Clacton MP Douglas Carswell, one of the more vocal eurosceptic backbenchers who has had cross words with the prime minister in the past, told The Huffington Post UK it was a "magnificent speech" and the the party was now united.
"It's truly historic because it accepts the need for an in or out referendum," he said.
Carswell also said Cameron's decision to promise a referendum put Labour in an extremely difficult position.
"I've always been genuinely baffled why the party of Keir Hardy, the party that stood for the ordinary working man, wasn't in favour of giving people a referendum on the subject, the pressure will be on Miliband," he said.
"If Labour makes the mistake of going into next election opposting a referendum, Miliband could be in line to be the next Kinnock."
"Credit where it’s due, David Cameron is the first British prime minister in nearly four decades to offer the British people a referendum," he said.
"I think questions now arise about the other mainstream political parties, particularly the Labour party. I think probably by 2015 the Labour party will have inserted within their own manifesto some sort of referendum commitment as well. So the problems on Europe have now transferred from the Conservative party to Ed Miliband’s party."
Richard Ottaway, the Tory chairman of the Commons foreign affairs committee who is in favour of continued EU membership, told the BBC that Cameron had given a speech that would be listend to right acorrs the capitals of Europe.
"He is the first national leader inside Europe to say actually, we can't go on like this, we have to change. This is real leadership going on here," Ottaway said. "He is showing leadership, leadership to this country and leadership to his Europe as well."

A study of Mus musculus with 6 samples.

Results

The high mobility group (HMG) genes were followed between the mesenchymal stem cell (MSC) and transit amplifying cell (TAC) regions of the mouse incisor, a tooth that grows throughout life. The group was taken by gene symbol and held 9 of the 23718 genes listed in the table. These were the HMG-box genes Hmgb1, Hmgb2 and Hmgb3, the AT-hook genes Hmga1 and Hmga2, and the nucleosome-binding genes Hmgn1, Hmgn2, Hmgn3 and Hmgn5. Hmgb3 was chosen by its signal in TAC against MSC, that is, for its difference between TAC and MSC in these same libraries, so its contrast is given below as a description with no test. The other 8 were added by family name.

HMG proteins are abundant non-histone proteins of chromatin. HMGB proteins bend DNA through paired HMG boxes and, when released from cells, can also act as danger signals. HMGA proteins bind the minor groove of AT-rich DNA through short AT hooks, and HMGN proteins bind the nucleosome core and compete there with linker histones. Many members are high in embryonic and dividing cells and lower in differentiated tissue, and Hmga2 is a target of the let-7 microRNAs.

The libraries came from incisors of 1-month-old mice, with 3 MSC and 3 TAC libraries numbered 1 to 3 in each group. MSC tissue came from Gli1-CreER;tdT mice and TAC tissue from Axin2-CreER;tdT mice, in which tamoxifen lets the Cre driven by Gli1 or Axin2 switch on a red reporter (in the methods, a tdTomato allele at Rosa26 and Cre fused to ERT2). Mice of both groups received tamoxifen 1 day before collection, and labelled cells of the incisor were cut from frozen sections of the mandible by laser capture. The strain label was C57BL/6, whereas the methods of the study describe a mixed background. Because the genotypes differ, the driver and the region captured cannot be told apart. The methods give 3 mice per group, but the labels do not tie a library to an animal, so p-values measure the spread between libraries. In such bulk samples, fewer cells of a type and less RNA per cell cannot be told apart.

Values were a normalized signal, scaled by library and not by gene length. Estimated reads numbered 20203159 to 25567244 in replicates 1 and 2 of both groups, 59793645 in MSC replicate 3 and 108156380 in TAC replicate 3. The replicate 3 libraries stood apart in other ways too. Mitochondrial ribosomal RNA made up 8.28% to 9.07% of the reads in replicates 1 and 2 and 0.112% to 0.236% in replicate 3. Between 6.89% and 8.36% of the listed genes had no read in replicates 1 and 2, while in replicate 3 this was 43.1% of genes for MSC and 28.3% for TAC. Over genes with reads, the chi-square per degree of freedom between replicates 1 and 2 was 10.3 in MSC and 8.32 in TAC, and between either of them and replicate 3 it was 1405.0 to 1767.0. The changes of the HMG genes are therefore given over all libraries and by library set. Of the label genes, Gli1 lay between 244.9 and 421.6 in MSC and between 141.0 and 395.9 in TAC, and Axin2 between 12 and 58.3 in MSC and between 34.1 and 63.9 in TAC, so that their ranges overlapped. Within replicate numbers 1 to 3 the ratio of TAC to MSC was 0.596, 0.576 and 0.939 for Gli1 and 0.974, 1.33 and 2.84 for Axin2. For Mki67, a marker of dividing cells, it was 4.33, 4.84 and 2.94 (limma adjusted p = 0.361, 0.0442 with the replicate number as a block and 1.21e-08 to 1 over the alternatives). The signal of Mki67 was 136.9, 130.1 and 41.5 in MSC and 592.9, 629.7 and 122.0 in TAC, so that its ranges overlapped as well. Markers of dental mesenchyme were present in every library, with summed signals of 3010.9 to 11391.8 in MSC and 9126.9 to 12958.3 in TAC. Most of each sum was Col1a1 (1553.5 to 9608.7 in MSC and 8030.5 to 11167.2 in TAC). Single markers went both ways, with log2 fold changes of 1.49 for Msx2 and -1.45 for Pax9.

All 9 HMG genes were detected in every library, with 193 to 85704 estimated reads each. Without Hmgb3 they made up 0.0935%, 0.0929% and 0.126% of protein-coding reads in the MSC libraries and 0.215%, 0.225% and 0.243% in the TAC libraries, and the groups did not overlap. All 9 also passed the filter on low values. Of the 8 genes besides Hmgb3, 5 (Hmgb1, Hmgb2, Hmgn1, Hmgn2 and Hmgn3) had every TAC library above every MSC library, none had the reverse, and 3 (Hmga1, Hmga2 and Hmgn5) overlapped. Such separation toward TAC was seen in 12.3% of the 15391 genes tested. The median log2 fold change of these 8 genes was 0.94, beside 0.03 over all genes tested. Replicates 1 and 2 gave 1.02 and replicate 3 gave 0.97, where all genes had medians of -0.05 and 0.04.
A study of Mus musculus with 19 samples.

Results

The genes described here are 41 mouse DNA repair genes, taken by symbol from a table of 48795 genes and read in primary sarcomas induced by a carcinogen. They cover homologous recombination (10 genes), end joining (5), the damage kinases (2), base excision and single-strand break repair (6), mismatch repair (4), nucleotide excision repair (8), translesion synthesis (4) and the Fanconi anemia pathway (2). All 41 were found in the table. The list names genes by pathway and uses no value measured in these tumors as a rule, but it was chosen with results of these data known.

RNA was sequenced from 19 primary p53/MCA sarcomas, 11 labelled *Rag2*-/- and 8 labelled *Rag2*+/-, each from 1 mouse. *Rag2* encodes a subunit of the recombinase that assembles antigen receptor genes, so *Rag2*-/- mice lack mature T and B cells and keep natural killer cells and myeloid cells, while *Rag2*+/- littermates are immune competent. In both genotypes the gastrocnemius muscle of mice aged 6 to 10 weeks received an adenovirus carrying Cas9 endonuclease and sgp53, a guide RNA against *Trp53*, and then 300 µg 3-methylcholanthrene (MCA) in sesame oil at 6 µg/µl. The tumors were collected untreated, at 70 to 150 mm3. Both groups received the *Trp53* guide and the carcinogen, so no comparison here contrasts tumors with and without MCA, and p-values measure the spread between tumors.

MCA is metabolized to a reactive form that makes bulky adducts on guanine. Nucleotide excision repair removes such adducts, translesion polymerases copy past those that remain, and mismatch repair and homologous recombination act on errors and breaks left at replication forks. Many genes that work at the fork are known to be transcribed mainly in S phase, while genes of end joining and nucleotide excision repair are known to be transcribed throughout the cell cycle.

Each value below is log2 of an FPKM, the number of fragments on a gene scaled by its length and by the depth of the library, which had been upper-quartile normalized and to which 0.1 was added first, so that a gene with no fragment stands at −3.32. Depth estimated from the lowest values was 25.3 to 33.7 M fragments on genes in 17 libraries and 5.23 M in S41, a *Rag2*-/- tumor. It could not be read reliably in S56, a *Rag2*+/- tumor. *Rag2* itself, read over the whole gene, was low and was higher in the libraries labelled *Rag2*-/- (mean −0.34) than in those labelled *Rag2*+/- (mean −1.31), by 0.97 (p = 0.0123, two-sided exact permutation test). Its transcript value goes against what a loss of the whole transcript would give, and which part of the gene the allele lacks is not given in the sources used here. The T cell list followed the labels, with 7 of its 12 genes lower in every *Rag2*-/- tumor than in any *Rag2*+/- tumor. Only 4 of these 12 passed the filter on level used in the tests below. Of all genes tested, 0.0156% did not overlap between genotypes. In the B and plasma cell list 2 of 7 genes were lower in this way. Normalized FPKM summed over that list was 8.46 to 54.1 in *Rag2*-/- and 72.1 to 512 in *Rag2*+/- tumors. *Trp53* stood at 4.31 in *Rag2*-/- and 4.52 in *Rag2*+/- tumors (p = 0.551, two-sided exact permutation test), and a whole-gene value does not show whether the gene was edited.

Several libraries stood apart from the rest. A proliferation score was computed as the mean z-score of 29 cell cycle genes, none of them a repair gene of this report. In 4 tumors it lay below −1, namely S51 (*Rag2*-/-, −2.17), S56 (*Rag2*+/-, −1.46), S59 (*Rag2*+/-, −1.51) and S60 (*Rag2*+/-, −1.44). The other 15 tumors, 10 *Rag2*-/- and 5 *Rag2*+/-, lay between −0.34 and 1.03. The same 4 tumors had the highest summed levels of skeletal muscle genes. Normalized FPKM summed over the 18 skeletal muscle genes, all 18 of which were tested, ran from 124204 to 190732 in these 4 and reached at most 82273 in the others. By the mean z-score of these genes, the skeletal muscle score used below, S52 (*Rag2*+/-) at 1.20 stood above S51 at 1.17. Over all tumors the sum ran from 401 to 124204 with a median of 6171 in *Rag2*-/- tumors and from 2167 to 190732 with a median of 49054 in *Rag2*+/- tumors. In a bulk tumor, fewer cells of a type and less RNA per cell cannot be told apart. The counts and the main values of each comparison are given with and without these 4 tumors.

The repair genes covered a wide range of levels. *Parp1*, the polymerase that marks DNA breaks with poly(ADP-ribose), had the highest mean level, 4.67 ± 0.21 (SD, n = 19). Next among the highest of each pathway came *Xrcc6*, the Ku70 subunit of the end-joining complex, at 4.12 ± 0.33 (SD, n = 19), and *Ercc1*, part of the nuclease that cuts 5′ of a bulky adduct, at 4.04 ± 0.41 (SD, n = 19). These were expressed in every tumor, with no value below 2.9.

And South Northamptonshire MP Andrea Leadsom, the chair of the Fresh Start group of Tory MPs who want a "new settlement" with the EU said the prime minister's plan to renegotiate Britain's relationship was not about "cherry picking" or "getting a special deal for ourselves".
"I think what the prime minister has in mind is some changes at EU level that reflect the fact that there will be those countries moving towards greater integration as they share a currency, and a whole raft of countries - 10 of them who are not euro member states - who need to have a different a more flexible relationship so he's quite clear this isn't about us trying to wriggle out of things here and there, this is about a whole new settlement."
However Lord Ashcroft, the former deputy chairman of the party and major donor, said it was "time for Tory eurosceptics to declare victory and talk about something else".
"For most voters, including those who will need to vote Conservative for the first time if we are to have any hope of a majority, Europe barely registers on their list of concerns.
"The principal benefit of our referendum policy is not that it gives our campaign a headline; it is that it allows us to put the issue to rest and move the conversation on to what the voters want to discuss.
He added: "Tories must remember that we can only get what we want once we win an election. The more we talk about changing our relationship with Europe, the less likely it is to happen."